Politics is one of those subjects that's taboo in mixed company.
But not in comics, apparently.
The political arena has become a boom for Bluewater Productions, the publisher whose biographical titles about real politicians have become a staple in the world of comics. Although the original success of the line seemed to be based on the buzz surrounding the 2008 election, Bluewater has continued to churn out new titles under the title "Political Power" even after the elections.
Now the company is refocusing its efforts in the genre, hiring a new editor for the line, getting more serious about the biographies themselves, and targeting media pundits like Bill O'Reilly, Glenn Beck and Rachel Maddow.
"For now, except for few exceptions, pundits are more well-known and have more influence than most politicians," said Jerome Maida, the comics journalist who recently took over the "Political Power" line. "This is true for both sides of the aisle. His own family might buy a comic about Chris Dodd, for example, but few others would. But Michael Moore would be of interest to both the masses and the people who receive our press releases. Same with the Republicans. John Boehner is the most powerful Republican in the House of Representatives, but most people don't know who he is. Somebody like Bill O'Reilly has more name recognition and arguably has more political influence right now."
Maida, who will be writing most of the biographical comics himself, said he's also making the comics more straight-laced by eliminating the "personal" approach taken by former writers on the line.
"I can guarantee you there will be no more authors inserting themselves in these bios or a 'narrator' for them," Maida said. "If you only have 22 pages to read about Hillary Clinton's life and you've paid to read about Hilary Clinton's life, guess what? You want to read about Hillary Clinton's life. You don't want two pages dedicated to her battle for universal health care and how it led to the GOP taking over Congress for the first time in 40 years while the author spends panel after panel talking about how her efforts sound good to him because he can't afford to see a doctor. Not to be rude, but who cares? People paid to read about Hillary, not the author."
"This stuff was thought to 'break up' the biographies, but the stories are only 22-26 pages. They shouldn't need any breaking up," Maida added, "and all it does it take space away from the featured subjects and cause unnecessary problems."
One of those problems came in May when Rush Limbaugh heard about his comic and ridiculed it on air for "taking liberties" -- all because of the author's "personal story" about his cat being inserted into the biography.
"It was 'broken up" by the author inserting himself into the story and talking about Limbaugh's cat and his cat," Maida said. "So when Limbaugh was on his radio show, talking to his 20 million listeners, he said...Bluewater had gotten the name of his cat wrong. That wasn't true. It was the author talking about his cat.
"So an opportunity was lost for some good buzz unnecessarily so," Maida said. "Never again."In fact, Maida's dream is to get the stories so accurate that he's given the opportunity to promote the comics on networks like Fox and MSNBC. "Anyone we feature, we offer to donate 10 percent to the charity of their choice," Maida said. "Shows like The O'Reilly Factor would give us more awareness to the general public, more cachet, more legitimacy and hopefully more sales. Maybe I can even get on Red Eye with Greg Gutfeld. That would be a lot of fun.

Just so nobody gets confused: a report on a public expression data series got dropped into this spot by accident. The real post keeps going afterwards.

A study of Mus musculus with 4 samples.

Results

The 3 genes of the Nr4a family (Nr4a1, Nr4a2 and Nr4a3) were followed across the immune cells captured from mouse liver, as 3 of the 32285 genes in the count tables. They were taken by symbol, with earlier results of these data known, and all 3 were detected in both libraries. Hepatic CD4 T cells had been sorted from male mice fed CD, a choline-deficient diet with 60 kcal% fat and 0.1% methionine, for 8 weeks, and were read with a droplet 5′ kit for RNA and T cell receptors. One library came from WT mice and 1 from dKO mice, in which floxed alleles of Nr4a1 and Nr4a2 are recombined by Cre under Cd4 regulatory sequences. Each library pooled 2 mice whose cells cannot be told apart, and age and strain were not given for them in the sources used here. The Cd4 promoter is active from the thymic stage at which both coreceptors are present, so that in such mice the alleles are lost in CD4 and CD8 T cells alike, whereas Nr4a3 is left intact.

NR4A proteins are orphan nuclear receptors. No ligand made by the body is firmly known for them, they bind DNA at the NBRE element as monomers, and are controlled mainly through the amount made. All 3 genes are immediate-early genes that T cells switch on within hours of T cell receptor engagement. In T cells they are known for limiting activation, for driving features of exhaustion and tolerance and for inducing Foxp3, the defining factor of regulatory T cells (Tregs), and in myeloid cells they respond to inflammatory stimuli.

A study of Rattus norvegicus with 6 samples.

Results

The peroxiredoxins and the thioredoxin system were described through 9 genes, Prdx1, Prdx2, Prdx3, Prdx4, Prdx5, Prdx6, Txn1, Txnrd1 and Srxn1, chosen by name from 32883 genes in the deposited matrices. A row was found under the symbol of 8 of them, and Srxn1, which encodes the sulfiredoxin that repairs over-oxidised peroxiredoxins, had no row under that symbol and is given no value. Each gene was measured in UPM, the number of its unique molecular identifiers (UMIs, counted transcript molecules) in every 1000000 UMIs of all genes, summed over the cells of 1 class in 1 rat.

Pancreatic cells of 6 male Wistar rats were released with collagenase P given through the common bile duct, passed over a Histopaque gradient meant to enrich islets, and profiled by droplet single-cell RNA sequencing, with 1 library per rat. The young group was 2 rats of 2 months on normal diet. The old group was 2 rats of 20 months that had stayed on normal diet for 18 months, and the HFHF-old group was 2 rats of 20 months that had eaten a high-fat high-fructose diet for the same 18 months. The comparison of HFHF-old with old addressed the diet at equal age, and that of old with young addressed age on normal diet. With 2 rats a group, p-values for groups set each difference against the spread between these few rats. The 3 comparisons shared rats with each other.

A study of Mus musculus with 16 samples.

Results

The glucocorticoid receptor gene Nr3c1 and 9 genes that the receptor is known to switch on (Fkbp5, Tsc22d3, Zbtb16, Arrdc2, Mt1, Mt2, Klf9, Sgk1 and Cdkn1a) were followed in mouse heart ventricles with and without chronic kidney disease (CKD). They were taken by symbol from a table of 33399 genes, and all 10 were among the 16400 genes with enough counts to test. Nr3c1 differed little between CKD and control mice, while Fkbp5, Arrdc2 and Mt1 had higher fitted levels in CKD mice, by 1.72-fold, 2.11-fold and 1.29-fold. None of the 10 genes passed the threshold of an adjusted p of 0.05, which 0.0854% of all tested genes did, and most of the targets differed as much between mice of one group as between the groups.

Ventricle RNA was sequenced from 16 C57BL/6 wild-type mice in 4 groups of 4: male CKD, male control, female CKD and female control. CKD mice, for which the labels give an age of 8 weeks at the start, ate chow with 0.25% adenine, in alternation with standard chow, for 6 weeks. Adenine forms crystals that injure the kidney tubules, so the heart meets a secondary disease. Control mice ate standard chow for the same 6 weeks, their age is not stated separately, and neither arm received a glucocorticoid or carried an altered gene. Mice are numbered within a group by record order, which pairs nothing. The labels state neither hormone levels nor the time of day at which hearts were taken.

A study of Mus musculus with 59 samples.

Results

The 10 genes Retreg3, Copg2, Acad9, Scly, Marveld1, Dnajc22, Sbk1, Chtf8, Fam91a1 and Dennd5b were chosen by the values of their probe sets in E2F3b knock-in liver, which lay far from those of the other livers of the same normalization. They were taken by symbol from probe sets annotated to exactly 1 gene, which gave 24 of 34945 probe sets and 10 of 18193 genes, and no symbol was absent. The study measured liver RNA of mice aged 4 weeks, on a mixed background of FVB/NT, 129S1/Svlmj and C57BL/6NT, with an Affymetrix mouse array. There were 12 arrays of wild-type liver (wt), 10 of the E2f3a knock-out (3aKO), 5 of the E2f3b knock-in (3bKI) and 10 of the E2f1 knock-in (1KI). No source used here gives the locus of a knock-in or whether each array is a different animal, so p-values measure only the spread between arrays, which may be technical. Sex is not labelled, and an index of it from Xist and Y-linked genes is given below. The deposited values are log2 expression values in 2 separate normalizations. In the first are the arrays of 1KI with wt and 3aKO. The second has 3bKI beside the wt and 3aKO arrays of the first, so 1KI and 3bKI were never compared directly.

"I feel we've just scratched the surface sales-wise," he added. "I think if we can generate some mass media attention, these books can sell like gangbusters."
As the new editor of the line, Maida said he also wants to make sure "we tell substantive stories we can all be proud of." He said he has to touch upon the most substantive moments in the person's history, which isn't easy to do with so few pages.
"The unique challenge is fitting an extraordinary life full of accomplishment into 22-26 story pages in a comic, having it have universal appeal to the layman while also ringing true for those familiar with those we are featuring," he said. "I want them to be accessible to kids in school and someone who may pick up our trades in a library, while also being comprehensive and sophisticated enough to be taken seriously by those who know these subjects well. It's a tough balancing act."
Maida is also responsible for choosing the subjects covered by the comics, and admitted they've been "eclectic recently to say the least." He's hoping to one-day write comics about Ann Coulter, Keith Olbermann, Michael Moore and Michael Savage.
Of course, some new political heroes may emerge next month, and Maida will keep an eye on the popularity of the winning candidates in the media."This November, there will be many stars born," he said. "It will be like Christmas for me in terms of new people we can cover. Either Meg Whitman becomes a political rock star or Jerry Brown adds to his long, fascinating legacy in California. Either Sharron Angle becomes a star propelled by the Tea Party in Nevada or Harry Reid completes a comeback and stays one of the most powerful people in America."
Whatever party ends up winning, Maida said he's always fascinated by the subjects, whether he agrees with their politics or not.
"Researching them is always a blast and quite enlightening," Maida said. "Unless you are a hard-core fanatic on either side of the ideological spectrum, there is something to admire about each of these individuals."